Three dimensional images
Now that we can see all of the subject in focus at once, from front to back, wouldn't it be nice to see it in three dimensions? We can do this by taking two shots from different angles, and combining them side-by-side in a stereo pair.
Here is a stereo pair of Ant Millie's head:
(Click on any of the images to see them full size.)
You view it in three dimensions simply by crossing your eyes until a third image sits between the two. This central image will be in 3D. You can see through Ant Millie's head, and the little pores in the top of the head will swim in front of the structures at the bottom of the head.
If you prefer to view 3D images by focusing on infinity instead of crossing your eyes, just turn the picture upside down:
This mode is also good for viewing with 3D viewers, but the cross-eyed method works with pictures of any size. The wall-eyed method (looking at infinity 'through' the pictures) works best when the pictures are separated by the same distance as your pupils are.
We can take stereo images through the microscope only because we can stack the photos using software to get all of the subject in focus. This is because when we take each photo, we tilt the slide on the microscope stage to get a different angle.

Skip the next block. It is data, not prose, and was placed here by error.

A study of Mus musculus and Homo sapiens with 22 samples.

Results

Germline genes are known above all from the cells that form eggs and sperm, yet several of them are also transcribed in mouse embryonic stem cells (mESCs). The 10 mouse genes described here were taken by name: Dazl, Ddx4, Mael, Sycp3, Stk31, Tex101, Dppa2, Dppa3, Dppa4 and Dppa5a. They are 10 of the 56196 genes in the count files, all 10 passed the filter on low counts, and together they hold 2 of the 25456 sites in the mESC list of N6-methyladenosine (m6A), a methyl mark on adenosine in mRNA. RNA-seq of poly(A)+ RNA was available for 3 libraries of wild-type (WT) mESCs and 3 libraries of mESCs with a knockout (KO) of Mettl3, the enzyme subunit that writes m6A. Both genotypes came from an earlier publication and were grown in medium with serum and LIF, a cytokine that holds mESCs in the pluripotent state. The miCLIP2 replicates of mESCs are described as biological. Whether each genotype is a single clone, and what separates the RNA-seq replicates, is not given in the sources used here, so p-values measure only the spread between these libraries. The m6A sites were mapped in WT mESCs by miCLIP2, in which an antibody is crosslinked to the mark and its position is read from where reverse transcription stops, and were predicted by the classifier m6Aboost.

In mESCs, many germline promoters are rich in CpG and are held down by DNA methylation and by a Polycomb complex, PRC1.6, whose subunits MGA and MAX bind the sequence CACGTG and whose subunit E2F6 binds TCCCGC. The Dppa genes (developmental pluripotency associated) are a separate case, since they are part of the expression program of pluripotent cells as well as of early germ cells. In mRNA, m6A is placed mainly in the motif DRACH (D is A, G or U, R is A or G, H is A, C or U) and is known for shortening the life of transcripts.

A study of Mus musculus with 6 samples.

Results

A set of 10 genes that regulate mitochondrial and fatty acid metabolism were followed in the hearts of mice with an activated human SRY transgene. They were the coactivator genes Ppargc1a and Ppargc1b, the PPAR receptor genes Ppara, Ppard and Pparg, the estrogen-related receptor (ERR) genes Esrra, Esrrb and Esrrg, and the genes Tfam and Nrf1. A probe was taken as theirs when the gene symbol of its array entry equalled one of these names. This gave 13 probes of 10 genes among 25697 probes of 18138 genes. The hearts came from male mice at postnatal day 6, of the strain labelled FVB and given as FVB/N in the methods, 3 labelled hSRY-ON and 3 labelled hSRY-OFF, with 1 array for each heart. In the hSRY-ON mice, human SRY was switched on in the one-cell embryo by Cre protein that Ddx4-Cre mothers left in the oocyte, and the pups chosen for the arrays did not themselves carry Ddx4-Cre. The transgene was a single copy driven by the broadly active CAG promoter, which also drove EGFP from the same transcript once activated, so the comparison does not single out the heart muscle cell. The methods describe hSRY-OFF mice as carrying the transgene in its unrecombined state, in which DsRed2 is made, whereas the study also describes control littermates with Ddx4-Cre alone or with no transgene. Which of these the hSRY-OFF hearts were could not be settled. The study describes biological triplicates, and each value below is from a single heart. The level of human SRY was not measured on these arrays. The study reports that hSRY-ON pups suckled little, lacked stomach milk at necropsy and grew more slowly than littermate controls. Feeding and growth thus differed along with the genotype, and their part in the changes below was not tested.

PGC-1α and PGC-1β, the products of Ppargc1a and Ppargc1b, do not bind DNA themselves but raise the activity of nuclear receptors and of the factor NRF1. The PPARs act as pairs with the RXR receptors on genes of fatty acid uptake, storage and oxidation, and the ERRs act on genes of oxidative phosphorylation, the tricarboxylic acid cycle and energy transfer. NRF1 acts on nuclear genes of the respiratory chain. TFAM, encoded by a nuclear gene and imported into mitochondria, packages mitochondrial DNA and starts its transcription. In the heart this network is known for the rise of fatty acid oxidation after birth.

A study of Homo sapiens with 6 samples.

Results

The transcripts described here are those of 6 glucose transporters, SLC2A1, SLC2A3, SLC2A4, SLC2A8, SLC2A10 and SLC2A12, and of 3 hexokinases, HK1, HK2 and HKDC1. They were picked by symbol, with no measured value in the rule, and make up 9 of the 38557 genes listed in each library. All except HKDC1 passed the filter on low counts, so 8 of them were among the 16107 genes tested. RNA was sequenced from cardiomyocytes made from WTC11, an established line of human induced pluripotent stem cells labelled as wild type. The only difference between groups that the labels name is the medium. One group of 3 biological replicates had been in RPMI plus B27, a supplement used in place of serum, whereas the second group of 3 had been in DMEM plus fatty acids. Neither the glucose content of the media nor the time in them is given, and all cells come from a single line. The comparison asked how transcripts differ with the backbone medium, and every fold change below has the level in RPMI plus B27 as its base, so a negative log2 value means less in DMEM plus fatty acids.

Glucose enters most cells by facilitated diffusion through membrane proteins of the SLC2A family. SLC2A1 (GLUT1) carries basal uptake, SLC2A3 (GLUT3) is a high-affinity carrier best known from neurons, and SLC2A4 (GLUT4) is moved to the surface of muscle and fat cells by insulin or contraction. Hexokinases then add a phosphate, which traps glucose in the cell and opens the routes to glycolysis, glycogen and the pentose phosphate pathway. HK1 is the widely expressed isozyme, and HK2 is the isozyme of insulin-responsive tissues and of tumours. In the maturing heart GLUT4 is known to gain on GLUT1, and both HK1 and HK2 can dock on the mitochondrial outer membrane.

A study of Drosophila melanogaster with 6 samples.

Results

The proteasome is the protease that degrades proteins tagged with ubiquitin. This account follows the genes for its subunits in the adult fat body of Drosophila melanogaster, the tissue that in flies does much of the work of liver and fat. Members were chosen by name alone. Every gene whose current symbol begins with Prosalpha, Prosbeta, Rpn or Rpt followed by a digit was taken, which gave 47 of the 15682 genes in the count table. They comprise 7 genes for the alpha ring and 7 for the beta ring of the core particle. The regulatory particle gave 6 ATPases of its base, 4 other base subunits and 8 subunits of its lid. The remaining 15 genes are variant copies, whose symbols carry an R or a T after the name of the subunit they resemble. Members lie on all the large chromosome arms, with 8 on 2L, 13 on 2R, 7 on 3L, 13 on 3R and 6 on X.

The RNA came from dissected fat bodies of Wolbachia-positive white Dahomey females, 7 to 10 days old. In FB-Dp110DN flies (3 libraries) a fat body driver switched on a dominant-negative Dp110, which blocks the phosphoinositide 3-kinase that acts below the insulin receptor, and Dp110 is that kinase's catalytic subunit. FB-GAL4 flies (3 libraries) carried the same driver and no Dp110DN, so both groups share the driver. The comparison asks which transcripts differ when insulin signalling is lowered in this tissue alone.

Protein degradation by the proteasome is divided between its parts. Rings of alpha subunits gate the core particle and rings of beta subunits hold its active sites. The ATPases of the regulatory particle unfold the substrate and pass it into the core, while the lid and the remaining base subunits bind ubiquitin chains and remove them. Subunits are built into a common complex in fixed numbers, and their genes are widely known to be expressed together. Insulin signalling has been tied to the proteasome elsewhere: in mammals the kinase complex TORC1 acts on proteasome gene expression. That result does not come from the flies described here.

I use three slides to do this. One blank slide is placed in the normal fashion on the microscope stage. This is to cover the slot in the stage where the condenser light comes through, so the next slide won't fall through the slot.
The next slide is also blank, and is placed lengthwise on top of the first one. This slide is just there to provide a tilt to the third slide, which is the slide with our subject on it.
The third slide is placed lengthwise on the stage, with one side resting on the stage, and the other side propped up on the second slide. This makes the slide tilt, so we can photograph it from an angle.
We now take a series of shots (five to a dozen of them, depending on the magnification), each at a different focal depth, to get our stack of shots at each focus.
Next, we slide the prop slide over to the other side, so the subject slide is tilted the other direction. Now take a series of shots from that angle.
Combine each stack in CombineZP or some other stacking program, and then place them side-by-side in your final image.
You can do more extreme angles under low power than you can under high power, because the distance between the objective lens and the slide is greater at low magnifications, and you can focus over a deeper range.
To get larger angles at higher powers, you can cut cover slips in half, and make a slide from just the cover slips, with the subject cemented between them. Now you have a tiny microscope slide, and you can tilt it at high angles and still focus closely on it with higher power objectives.